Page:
NetInfo was the first directory service that was built into Mac OS X Server and then Mac OS X client. Although NetInfo is a functional directory service and was a logical choice when Mac OS X was first developed, it doesn’t offer the degree of flexibility that LDAP databases (typically referred to as domains) do, particularly when multiple directory domains are used. NetInfo is also a proprietary directory format, meaning that it is not designed to work with other operating systems. LDAP, by contrast is a standard format that has been embraced by many developers. In Mac OS X Server 10.2, Apple began including OpenLDAP as part of Open Directory as an alternative to NetInfo, which provided administrators with a much more flexible directory service environment both for Mac-only and multiplatform networks.
In recent versions of Mac OS X and Mac OS X Server, Apple’s implementation of OpenLDAP has become standardized as the primary directory service. In fact, Apple no longer provides an easy method for creating shared NetInfo domains under Mac OS X Server and has aggressively encouraged administrators to migrate from any shared NetInfo domains to an Open Directory environment using LDAP.
NetInfo is still somewhat relevant for administrators and technicians, however. Although Apple has pretty much stamped out shared NetInfo domains (those that can offer directory services to a network), NetInfo is still alive at the heart of Mac OS X. Every Mac OS X installation includes a local NetInfo domain. This local NetInfo domain is the Open Directory component that stores local accounts and other machine-specific attributes.
The local NetInfo domain is the first level of any Open Directory search path for Mac OS X. This means that when a user attempts to log in or access local files, the Open Directory components of Mac OS X will check the local NetInfo domain in an attempt to find a match for the credential supplied by a user. If a match is not found, Open Directory will then query any shared domains (be they Open Directory LDAP domains, Active Directory domains, or even earlier shared NetInfo domains) in the order defined in the workstation’s search path. (For more information on Open Directory search paths, see my Open Directory basics article.) If the computer is not part of a network, the local NetInfo domain is the only place where user and other records are stored.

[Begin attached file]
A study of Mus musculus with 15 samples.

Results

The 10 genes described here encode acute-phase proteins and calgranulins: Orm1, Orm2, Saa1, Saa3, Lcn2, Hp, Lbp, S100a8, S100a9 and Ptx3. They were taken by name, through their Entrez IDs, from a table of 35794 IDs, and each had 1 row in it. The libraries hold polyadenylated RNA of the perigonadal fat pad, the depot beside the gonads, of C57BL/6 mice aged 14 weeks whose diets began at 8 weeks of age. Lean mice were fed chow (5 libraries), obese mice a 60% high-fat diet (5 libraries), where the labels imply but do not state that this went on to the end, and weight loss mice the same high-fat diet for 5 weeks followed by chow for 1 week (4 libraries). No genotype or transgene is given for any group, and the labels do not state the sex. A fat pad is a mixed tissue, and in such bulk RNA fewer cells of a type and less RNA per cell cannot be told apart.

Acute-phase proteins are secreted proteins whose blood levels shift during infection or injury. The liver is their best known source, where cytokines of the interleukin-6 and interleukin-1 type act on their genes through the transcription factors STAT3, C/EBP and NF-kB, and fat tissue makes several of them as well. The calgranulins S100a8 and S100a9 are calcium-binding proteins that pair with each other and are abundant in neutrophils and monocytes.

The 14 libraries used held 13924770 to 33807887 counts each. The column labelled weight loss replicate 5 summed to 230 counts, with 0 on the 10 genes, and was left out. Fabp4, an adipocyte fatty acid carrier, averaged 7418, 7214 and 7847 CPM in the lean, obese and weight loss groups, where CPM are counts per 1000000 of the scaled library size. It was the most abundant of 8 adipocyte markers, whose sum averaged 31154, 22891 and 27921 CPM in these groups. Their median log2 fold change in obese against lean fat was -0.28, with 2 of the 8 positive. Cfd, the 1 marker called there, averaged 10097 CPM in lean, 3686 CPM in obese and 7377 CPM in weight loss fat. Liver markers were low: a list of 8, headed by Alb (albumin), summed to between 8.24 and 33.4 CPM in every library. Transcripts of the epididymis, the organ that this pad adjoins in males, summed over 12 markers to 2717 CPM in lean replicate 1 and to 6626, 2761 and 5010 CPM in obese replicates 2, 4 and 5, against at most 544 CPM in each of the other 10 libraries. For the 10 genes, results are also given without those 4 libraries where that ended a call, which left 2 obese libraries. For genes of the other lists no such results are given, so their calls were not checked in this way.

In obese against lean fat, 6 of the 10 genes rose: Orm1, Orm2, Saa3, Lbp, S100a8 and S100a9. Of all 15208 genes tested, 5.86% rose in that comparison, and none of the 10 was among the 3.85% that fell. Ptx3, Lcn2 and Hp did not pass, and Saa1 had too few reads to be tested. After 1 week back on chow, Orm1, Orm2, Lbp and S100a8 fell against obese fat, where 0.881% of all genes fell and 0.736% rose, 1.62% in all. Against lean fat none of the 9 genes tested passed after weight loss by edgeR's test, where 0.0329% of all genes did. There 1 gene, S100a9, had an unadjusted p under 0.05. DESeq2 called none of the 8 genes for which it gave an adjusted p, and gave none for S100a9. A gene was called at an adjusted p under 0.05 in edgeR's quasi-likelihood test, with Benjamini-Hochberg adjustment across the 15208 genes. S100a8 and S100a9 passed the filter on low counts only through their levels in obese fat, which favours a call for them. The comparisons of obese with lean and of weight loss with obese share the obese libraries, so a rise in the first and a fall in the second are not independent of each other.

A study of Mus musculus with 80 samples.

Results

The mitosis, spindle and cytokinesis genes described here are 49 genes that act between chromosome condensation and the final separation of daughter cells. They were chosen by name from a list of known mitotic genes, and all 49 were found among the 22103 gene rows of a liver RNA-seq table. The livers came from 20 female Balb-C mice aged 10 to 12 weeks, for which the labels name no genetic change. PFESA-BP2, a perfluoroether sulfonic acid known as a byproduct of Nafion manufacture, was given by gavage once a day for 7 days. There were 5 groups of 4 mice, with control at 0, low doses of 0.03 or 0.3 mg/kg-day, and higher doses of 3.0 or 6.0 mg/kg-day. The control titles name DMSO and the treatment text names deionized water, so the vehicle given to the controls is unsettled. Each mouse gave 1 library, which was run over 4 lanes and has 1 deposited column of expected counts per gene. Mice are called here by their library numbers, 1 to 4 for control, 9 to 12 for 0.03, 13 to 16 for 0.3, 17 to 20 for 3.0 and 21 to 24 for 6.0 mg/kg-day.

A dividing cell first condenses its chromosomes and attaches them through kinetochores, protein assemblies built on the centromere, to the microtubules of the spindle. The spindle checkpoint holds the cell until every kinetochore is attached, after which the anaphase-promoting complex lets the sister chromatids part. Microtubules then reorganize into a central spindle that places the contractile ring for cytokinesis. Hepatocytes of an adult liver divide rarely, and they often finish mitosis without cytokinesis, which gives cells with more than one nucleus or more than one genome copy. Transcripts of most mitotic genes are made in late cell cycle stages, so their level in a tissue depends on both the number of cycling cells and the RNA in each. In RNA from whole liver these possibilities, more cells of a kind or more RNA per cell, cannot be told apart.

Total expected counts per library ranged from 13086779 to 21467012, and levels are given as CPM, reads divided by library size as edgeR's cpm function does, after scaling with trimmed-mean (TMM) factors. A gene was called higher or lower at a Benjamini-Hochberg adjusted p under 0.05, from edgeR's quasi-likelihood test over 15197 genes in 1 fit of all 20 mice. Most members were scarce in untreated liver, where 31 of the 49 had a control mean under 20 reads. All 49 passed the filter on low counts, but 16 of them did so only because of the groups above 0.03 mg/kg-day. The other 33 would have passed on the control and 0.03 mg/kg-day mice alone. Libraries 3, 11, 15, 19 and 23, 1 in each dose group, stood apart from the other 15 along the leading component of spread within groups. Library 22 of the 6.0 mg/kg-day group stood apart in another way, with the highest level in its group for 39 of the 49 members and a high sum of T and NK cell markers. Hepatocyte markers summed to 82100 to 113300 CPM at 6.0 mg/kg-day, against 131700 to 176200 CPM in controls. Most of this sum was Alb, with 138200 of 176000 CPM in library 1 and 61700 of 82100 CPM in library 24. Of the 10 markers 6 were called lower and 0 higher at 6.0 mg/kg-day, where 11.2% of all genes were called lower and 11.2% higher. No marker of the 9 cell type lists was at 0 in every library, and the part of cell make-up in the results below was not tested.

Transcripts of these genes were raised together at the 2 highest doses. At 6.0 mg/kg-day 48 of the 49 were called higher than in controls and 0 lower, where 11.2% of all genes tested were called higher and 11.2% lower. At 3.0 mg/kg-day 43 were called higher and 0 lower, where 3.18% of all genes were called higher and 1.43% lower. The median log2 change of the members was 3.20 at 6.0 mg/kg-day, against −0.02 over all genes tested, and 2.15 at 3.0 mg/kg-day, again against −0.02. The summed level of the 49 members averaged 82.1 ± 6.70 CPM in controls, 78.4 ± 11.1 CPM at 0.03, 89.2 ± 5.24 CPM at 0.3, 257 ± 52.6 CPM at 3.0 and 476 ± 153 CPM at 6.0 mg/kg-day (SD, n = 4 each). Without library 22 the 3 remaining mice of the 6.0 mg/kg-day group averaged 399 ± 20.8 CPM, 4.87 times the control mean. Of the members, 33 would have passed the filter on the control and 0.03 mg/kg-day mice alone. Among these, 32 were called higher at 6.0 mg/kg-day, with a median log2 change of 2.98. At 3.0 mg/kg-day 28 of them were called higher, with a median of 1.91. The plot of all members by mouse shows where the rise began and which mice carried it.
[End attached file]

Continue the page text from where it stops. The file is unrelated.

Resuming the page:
How Mac OS X Relies on NetInfo
Most Mac OS X users are completely unaware of the NetInfo database on their computers. If changes are made to user accounts, local groups, or computer-specific settings stored in NetInfo, they are typically done using the various panes in the System Preferences application (or the associated command-line tools). Typically, the only reason anyone will launch the NetInfo Manager application is to enable or disable the root user account (and/or change the root user password). However, the NetInfo database stores much of the information needed for Mac OS X to function.
Needless to say, Mac OS X workstations are still dependent on NetInfo to function properly. Corruption of a computer’s NetInfo domain can cause a number of problems, from certain services not functioning properly, to local users not being able to login, and even to users losing access or ownership of files.